When Lisboa co-director Miguel Ribeiro proclaims his festival’s offer to the documentary world, it reads like a manifesto.
“We look at what is outside the centre, in terms of territories, in terms of film language, in terms of ideas, not focussing on what’s hot but on how we can defy the established, how can we defy the norm, by bringing in things that can create a tension against what is expected.”
Doc Lisboa will run October 22 to November 1 2020 with three new directors, Joana Gusmão, Joana de Sousa and Miguel Ribeiro after former directors Cíntia Gil and Davide Oberto left for Sheffield Doc/Fest and Torino Film Festival respectively at the close of the 2019 edition.
“Also for the industry it is a place where you find a very curious audience and a space that is organised through many ways of informal meetings and gatherings for the further creation and development of future projects,” Ribeiro adds.
Nebulae, whose second edition the festival is currently organising, is described as ‘the new space for networking at Doclisboa, a group of activities, gatherings, opportunities and people for the advancement of the creation, production and dissemination of independent film’.
Germany was the first country whose docmakers bathed in the Nebulae light. This year it is Georgia, whose professionals will meet their international doc counterparts, and a pitch event that will include 4-6 new Georgian non-fiction projects.
“Nebulae develops through the natural dynamics of Doclisboa,” Ribeiro adds. “Through informal ways of gathering, through believing that there are a lot of interesting and attentive people from the industry that visit the festival, we are creating ways of gathering a discussion for the further promotion of new co-productions, new projects.”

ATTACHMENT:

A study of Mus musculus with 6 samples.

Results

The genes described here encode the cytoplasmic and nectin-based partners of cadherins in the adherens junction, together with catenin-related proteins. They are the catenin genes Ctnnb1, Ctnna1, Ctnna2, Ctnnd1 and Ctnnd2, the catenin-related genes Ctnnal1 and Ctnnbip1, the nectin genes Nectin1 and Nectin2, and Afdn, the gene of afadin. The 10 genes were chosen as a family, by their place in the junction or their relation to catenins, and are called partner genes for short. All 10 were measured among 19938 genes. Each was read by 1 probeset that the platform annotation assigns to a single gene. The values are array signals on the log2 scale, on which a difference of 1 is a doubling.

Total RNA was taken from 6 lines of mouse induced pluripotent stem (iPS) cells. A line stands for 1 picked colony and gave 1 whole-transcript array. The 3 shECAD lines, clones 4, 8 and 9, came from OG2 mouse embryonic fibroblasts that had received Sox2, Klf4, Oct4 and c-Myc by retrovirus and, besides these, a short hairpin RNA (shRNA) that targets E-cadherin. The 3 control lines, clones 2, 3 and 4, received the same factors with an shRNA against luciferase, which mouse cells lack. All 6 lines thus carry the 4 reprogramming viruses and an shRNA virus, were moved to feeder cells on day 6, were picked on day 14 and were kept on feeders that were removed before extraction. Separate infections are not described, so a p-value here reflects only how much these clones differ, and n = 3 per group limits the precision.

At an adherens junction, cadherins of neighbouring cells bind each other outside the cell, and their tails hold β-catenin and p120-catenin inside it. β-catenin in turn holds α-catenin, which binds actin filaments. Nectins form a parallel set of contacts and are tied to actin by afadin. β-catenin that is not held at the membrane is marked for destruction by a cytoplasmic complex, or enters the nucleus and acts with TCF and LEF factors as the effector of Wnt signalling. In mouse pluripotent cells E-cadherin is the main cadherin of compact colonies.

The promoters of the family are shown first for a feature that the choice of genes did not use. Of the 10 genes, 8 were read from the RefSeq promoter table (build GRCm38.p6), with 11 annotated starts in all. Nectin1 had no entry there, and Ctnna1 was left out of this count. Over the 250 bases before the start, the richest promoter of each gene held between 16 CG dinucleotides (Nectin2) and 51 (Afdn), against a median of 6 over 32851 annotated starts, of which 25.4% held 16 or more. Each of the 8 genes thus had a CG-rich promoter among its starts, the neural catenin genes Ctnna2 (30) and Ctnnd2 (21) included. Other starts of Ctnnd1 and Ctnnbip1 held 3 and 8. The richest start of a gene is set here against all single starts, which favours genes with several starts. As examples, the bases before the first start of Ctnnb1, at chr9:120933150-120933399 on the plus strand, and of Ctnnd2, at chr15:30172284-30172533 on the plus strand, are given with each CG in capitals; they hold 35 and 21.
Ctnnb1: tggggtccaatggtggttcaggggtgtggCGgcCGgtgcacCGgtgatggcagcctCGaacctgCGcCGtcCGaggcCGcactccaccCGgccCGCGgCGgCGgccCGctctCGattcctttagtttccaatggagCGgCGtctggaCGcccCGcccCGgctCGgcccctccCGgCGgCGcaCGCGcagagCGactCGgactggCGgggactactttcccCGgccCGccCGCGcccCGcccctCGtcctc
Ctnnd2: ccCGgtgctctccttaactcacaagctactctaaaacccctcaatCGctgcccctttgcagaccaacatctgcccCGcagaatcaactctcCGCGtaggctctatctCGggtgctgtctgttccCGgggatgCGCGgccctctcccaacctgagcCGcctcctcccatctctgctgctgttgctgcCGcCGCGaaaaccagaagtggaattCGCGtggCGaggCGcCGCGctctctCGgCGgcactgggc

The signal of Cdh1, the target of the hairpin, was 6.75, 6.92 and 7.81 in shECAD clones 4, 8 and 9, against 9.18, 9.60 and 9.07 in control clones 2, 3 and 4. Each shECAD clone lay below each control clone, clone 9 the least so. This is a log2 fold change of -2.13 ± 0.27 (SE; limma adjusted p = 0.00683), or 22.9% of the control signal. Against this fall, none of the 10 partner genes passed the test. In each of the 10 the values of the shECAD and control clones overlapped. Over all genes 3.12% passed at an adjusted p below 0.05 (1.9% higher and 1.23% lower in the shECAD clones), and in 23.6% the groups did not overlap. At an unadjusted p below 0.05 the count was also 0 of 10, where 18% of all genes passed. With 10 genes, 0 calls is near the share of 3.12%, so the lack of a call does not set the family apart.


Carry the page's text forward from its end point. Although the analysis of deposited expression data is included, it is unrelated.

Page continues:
Ribeiro further outlines his modus operandi in sourcing unique content for development and exhibition, as well as the thrill of engagement on both cultural and intellectual levels between filmmakers and audience.
“We pay a lot of attention to other festivals that are also not so much in the centre, and we look at programmes from local festivals to see what they are presenting, what kind of projects they are bringing in, what kind of industry is attending, then making contact if their profile and projects seem interesting,” he says.
“Through this bridges start to build, people connect with other people and you can bring them to a festival where they will be sharing space with the key names of documentary film.”
“Doc Lisboa first of all aims to be a place of encounter between audience and films that defy preconception and notions of documentary,” he ends. “Very curious and attentive audiences visit the festival every year, and it is through [subsequent] debates and collective reflections that Doclisboa can continuously evolve into a place where you can really rethink the relationship between cinema and the real.”